Living with Dementia in the Family

Living with dementia in the family can bring certain challenges. Often relations with the person affected can change and traditional family roles will shift. Responsibilities can increase for those caring for someone who has dementia whilst the need for day-to-day assistance also increases.

However, living with dementia doesn’t have to be as difficult as you might think and families often report living in a happy, manageable situation. Understanding how dementia affects the family can better equip and prepare you for your approach. In this article, we explore key ways of how living with dementia impacts the family.

Living with Dementia: Changing relationships

When a person develops dementia the way they previously interacted in relationships can change. For instance, the person might become more withdrawn socially, preferring to spend time alone, or they might even become more extroverted. Often anxiety levels are heightened as the person is unable to handle their past responsibilities. Their ability to maintain regular social engagements can change alongside their social needs generally.

Living with Dementia: Children Understanding

Due to a lack of understanding about dementia, children can often develop incorrect ideas about the nature of dementia, where it comes from and how it develops. Taking the time to explain to children about dementia can alleviate any concerns they might have. It is normal for a child to typically feel at the centre of attention within the family which can then alter with the increased responsibilities of caring for someone with dementia. It is critical to ensure the children continue to receive the emotional support they need at this time.

Living with Dementia: Changing family dynamics

Traditional roles within the family may be affected by dementia. If the person normally in charge of financial responsibilities develops dementia, it may be necessary for another member of the family to take over these responsibilities. It could also be the person who provided all the meals so other members of the family will need to adapt. This can be an overwhelming transition and support amongst all family members is vital during this time.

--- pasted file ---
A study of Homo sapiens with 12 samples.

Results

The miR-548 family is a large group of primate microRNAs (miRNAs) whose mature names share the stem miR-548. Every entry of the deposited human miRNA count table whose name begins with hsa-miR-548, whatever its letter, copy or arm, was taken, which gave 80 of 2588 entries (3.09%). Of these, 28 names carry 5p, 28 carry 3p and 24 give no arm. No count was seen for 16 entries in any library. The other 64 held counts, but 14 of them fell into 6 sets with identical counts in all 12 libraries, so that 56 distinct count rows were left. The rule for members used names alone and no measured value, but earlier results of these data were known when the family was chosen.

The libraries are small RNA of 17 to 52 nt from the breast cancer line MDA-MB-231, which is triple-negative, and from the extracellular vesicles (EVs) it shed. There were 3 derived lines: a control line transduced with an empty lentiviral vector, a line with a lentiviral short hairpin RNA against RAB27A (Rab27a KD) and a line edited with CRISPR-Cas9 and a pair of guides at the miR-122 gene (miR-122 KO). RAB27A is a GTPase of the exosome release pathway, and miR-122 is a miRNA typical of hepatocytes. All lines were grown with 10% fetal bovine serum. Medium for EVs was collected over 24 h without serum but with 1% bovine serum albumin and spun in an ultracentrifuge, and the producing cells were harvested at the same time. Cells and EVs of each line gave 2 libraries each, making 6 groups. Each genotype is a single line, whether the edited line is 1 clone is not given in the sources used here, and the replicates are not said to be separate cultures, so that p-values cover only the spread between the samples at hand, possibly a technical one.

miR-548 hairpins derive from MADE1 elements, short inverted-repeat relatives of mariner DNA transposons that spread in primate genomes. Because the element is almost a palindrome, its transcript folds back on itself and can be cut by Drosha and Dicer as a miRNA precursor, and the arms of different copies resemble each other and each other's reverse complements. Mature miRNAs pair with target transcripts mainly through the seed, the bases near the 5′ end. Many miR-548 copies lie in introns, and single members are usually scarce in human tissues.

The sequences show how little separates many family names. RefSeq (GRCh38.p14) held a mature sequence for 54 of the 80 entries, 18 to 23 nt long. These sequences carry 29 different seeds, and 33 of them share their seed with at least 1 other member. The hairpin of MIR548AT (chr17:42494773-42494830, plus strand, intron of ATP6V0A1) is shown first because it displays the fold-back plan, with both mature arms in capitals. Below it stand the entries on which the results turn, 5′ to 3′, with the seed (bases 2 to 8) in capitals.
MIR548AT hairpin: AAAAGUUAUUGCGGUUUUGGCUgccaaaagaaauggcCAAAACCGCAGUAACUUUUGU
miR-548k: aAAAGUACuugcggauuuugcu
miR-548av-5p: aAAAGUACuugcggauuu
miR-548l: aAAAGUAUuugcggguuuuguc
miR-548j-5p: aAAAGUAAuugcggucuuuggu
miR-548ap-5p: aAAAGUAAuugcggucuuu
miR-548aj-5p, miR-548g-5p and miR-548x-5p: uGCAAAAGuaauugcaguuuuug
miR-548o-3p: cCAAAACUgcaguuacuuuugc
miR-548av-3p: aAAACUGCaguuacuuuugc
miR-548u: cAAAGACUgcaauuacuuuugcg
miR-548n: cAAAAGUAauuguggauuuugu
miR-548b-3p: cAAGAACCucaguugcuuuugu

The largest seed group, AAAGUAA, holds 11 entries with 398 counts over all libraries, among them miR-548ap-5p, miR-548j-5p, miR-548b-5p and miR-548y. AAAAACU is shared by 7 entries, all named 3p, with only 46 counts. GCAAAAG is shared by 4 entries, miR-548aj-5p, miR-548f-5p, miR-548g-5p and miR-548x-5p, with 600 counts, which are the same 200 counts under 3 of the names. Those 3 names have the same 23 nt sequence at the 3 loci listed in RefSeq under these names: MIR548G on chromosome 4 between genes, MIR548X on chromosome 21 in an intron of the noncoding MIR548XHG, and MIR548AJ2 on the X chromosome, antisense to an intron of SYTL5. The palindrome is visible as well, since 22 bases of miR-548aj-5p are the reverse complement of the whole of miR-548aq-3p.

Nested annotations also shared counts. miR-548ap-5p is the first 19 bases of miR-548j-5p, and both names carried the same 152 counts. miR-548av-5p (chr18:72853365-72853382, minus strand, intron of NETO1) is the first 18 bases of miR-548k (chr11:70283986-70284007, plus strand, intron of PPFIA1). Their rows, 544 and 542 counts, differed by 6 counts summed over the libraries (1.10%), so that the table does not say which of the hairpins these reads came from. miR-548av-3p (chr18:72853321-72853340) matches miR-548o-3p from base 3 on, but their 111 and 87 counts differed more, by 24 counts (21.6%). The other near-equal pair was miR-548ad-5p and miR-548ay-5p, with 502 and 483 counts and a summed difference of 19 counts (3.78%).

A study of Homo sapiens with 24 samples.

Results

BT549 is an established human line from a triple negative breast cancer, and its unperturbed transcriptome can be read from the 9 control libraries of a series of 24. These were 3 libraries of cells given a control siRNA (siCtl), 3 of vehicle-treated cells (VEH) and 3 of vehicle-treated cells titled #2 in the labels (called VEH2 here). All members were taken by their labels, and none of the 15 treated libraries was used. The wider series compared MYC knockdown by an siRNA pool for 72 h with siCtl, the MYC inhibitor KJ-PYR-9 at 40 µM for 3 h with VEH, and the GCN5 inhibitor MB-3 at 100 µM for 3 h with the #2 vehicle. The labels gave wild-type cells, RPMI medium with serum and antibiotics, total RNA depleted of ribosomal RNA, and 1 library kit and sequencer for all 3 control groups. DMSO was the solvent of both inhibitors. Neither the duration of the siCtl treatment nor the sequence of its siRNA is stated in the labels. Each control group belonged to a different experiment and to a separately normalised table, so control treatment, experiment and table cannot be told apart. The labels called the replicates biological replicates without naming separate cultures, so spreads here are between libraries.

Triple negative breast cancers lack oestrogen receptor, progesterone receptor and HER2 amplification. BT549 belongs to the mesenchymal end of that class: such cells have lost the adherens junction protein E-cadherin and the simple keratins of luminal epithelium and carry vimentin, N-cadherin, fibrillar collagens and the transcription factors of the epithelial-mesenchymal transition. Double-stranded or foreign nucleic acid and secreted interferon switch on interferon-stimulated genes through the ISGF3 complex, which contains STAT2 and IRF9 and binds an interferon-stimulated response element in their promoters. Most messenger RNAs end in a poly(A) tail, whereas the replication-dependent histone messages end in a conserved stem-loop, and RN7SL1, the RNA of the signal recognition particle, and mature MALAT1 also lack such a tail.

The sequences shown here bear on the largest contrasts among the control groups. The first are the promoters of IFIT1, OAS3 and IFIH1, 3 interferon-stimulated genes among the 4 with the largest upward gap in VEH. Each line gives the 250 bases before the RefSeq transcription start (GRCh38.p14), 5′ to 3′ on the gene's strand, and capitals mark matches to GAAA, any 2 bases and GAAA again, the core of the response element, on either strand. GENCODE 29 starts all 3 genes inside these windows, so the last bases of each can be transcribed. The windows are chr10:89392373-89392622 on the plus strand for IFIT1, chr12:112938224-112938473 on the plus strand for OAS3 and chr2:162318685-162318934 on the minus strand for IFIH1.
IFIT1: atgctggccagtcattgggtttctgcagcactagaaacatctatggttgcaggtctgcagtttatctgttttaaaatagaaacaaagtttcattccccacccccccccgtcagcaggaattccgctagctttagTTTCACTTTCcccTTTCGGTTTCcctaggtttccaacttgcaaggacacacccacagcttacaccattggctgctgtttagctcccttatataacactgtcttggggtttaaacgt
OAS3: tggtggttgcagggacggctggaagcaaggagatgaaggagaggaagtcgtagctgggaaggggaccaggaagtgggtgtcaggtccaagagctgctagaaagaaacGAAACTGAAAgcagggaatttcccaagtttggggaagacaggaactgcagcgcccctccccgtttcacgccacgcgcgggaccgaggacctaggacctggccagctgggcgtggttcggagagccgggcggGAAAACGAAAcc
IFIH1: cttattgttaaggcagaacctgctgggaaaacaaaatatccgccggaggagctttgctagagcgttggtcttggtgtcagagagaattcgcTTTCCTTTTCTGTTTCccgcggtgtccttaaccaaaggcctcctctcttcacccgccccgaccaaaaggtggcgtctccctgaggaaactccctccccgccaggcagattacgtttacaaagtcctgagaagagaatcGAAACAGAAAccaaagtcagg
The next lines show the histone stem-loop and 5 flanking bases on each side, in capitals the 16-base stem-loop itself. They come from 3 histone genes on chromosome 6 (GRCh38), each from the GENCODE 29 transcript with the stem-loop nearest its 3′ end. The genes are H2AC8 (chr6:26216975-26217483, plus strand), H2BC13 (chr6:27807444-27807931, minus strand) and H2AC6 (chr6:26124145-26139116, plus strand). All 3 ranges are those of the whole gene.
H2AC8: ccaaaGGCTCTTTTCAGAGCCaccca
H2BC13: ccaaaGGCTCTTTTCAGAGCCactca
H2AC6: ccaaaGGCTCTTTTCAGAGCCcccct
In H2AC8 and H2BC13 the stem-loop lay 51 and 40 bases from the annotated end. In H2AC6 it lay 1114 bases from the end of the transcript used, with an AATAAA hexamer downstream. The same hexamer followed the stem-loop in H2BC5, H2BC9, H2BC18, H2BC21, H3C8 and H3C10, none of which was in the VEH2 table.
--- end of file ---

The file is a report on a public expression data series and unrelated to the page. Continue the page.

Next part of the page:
Living with Dementia: Becoming Frustrated

When someone develops dementia, they often require assistance on a day-to-day basis. They may feel an utter sense of failure and bewilderment that they cannot remember how to do previously normal activities. Loss of memory is common and, over time, the sufferer may not even recognise normal household objects. In a situation like this, both the sufferer and carer can get frustrated. The challenge of patience will be enormous and carers need to realise that they should take a break to recuperate, unwind and regain their strength to return. Calendar dates should be scheduled and agreed upon amongst the family to enable time out for the appropriate person/s.

Living with Dementia: A Sense of Failure

The lack of understanding of dementia and the sense of injustice when it develops can manifest feelings of failure in those close to the person with dementia. Questions of “why?” and “how?” often go unanswered. Additionally, it is not a straightforward illness as physically the sufferer can be full of health. Of course, no one is to blame and it has been often shown that living with dementia is manageable and can be a happy life for both the person with dementia and the carers.

Living with Dementia: Communication

Good communication between family members and all those directly involved in the day-to-day life of the person diagnosed with dementia is essential. Being open and communicative between family members can promote well-being and understanding while also reducing the instances of stress and tensions coming to a head as a result of miscommunication. Writing a diary is also another way of releasing tensions.  When everyone is working together responsibilities can be equally distributed and the pressure taken off a single  individual.

Living with Dementia: Getting Help

There is a wide range of support available to assist in providing advice on how to approach the management of dementia in the family. Maintaining a healthy support structure is essential to the well being of both the person with dementia and those around them. Health care professionals and support groups are an effective source for advice, often being able to suggest new approaches to the management of dementia in a family whilst also providing emotional support.  Find a local Alzheimer’s support group here.

Living with Dementia: Carers Assessment

A Carers Assessment is one way of having your current situation assessed by a health care professional and advice can be given on a different approach, whilst also providing additional forms of support. Click on the link here to access a Carers Assessment.

Living with Dementia: Conclusion

Living with dementia in the family can bring certain challenges but it can still be a happy time. Understanding how dementia affects the family is important in managing an effective approach. Taking the time to explain to children about dementia is vital and accessing support groups is critical in ensuring all information is understood. Most importantly meals should consist of the whole family, wherever possible so that a degree of sociability is upheld and normality instilled.

It is more than possible to have a healthy happy family whilst living with dementia. The impact itself often pulls families together with the same aim and understanding of the situation and families report feeling closer emotionally as a result.